Visit Kathmandu on a Nepal Trekking Holiday
With its’ central position in the Himalayas, Kathmandu is where many tourists start and finish their travels through Nepal’s Annapurna circuit. As the capital of Nepal, Kathmandu is the ideal place to set-off for a trekking adventure. The city was once assumed to be the mythical sanctuary of Shangri-La, from the 1933 Lost Horizon novel by James Hilton.
Kathmandu’s bustling centre is always filled with backpackers and tourists. While some of them are happy to spend time in the city relaxing and basking in the tranquil atmosphere, other visitors use Kathmandu as a base for a much larger trekking expedition of Nepal. These expeditions can include the Annapurna Circuit and Mount Everest as well. Fortunately, Kathmandu has loads of amazing areas to see, which makes it perfect for staying in for a few days, either before or after your trek.
Thamel Chowk is Kathmandu’s main square and the area where most of the city’s restaurants and gift-shops are found. There are several excellent restaurants here that serve authentic Nepalese cuisine, which will fill you up nicely before you begin trekking. Nonetheless, if you will be returning to Kathmandu after your trek, then you might prefer to wait till then before you start shopping for souvenirs. Obviously, you do not want to fill your rucksack up just before you set-off.
The Swayambhu, which is among Nepal’s most esteemed Buddhist monuments, is a half hour drive away from the centre of Kathmandu. Frequently, tourists to this area refer to this attraction as the “Monkey Temple”, because of the large quantity of monkeys that live in the grounds. There are Buddhist works of art and prayer wheels inside the temple, as well as 365 steps which take you to the top. Just be sure you look out for any monkeys on your descent! This video shows some monkeys on the move in the temple area, causing a bit of a scene:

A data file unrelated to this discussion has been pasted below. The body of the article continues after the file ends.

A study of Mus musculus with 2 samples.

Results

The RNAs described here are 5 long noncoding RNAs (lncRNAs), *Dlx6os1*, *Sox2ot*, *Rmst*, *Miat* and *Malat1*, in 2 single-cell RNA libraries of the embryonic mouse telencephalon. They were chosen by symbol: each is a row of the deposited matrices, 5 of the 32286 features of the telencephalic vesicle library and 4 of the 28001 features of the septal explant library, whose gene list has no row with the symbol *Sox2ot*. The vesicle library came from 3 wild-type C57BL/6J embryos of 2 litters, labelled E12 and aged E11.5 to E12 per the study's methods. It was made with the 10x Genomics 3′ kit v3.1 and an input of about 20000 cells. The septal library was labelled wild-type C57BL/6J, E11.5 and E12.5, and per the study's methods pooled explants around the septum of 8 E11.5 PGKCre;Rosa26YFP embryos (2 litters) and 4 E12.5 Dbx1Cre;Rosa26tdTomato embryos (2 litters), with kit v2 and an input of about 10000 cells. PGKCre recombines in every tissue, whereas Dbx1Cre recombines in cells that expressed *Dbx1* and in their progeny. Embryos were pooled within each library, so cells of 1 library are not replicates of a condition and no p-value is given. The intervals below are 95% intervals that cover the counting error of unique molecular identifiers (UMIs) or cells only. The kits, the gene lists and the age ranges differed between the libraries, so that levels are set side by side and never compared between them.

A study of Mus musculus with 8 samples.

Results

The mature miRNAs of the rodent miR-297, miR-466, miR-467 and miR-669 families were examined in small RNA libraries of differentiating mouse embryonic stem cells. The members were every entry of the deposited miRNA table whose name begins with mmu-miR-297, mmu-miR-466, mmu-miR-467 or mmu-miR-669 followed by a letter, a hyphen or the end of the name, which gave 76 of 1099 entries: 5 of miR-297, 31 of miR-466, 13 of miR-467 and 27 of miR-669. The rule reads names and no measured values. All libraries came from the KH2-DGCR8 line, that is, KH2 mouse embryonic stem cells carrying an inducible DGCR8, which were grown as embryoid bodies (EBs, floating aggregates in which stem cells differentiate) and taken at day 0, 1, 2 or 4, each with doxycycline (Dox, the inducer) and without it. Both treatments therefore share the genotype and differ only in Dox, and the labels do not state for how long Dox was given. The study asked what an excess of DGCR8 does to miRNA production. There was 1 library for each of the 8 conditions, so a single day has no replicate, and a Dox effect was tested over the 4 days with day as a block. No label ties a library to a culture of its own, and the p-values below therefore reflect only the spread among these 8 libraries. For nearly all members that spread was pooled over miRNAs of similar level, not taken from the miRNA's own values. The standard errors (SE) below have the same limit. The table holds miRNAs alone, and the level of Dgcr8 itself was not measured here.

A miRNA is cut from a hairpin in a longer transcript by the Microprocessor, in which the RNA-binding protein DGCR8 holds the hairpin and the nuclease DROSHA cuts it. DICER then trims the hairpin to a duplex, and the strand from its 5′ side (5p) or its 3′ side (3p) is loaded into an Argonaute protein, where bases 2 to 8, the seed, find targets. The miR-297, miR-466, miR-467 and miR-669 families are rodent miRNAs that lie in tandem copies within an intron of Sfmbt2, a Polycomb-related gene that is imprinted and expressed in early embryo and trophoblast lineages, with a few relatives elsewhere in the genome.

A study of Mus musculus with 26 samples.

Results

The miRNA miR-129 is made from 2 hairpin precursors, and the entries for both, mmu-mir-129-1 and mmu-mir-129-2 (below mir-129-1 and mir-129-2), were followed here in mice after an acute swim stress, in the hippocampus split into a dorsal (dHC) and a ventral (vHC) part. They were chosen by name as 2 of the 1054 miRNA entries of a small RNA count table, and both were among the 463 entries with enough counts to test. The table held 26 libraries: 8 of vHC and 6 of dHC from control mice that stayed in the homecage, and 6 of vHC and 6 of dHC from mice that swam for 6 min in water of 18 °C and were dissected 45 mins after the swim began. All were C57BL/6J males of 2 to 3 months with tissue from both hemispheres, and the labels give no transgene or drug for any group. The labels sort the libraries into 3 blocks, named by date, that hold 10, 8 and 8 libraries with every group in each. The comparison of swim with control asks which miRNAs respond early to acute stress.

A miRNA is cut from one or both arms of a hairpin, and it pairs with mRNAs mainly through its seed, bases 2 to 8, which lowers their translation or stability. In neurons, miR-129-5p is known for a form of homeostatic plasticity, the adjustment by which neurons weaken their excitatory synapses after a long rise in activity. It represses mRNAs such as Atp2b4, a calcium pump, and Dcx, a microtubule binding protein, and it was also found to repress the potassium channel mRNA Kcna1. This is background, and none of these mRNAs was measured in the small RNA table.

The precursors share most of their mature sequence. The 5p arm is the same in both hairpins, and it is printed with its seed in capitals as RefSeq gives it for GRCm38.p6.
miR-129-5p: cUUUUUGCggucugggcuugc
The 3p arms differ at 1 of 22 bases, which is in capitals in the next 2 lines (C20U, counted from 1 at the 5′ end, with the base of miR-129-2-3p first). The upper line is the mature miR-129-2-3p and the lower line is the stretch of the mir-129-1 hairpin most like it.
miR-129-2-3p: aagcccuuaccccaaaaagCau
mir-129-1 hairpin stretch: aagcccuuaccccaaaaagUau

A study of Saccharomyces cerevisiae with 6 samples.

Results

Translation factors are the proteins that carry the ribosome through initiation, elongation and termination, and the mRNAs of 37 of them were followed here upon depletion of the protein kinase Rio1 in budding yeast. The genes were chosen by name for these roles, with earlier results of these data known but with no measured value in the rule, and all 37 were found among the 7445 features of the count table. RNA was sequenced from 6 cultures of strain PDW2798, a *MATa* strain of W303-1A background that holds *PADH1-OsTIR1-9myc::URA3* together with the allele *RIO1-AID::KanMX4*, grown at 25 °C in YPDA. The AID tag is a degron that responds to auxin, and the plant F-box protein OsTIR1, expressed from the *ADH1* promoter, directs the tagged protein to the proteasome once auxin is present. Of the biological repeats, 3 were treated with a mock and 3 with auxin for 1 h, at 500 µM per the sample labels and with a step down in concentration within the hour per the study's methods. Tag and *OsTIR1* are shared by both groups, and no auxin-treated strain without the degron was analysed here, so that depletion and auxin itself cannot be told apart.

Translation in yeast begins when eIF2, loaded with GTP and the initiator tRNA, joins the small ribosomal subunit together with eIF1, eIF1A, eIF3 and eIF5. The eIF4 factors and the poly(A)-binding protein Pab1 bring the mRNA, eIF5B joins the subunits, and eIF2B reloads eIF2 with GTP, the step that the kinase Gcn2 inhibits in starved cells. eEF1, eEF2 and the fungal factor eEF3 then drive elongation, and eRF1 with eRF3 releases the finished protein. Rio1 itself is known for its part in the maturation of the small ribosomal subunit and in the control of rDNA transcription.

Alternatively, if you like bats more than monkeys, you might wish to pay the King’s Palace a visit. While this palace has a modern appearance (it was built during the latter part of the nineteenth century), it is still a big draw for foreign tourists, due to the giant fruit bats that hang on the trees outside. It is best to attend the King’s Palace shortly before the sun sets, when the giant bats create a wonderful spectacle by swarming round the city square en masse.
Freak Street is another popular part of Nepal. This area was all the rage throughout the swinging 60’s, when kaftans and overland tours were in fashion. The shops on this psychedelic street hark back to a bygone era, but they still purport to sell everything from enlightenment to incense. The spaced out ambiance of the street makes it ideal for some relaxation before you start your trek.
Undoubtedly, the Boudha Stupa is Kathmandu’s most recognisable landmark, and it is a very important site for Tibetan Buddhists. Purportedly, the golden tower represents Neru, or the World Mountain, which is the centre of the cosmos and home of the Gods. Although the 2 eyes are immediately recognisable, if you look closer you will notice an extra 3rd eye in between these, which represents knowledge.
The huge range of amazing attractions in Kathmandu makes the city ideal for both starting and finishing a trekking expedition in Nepal. Certainly, you will require the 2 visits to the capital to have time to see everything on offer.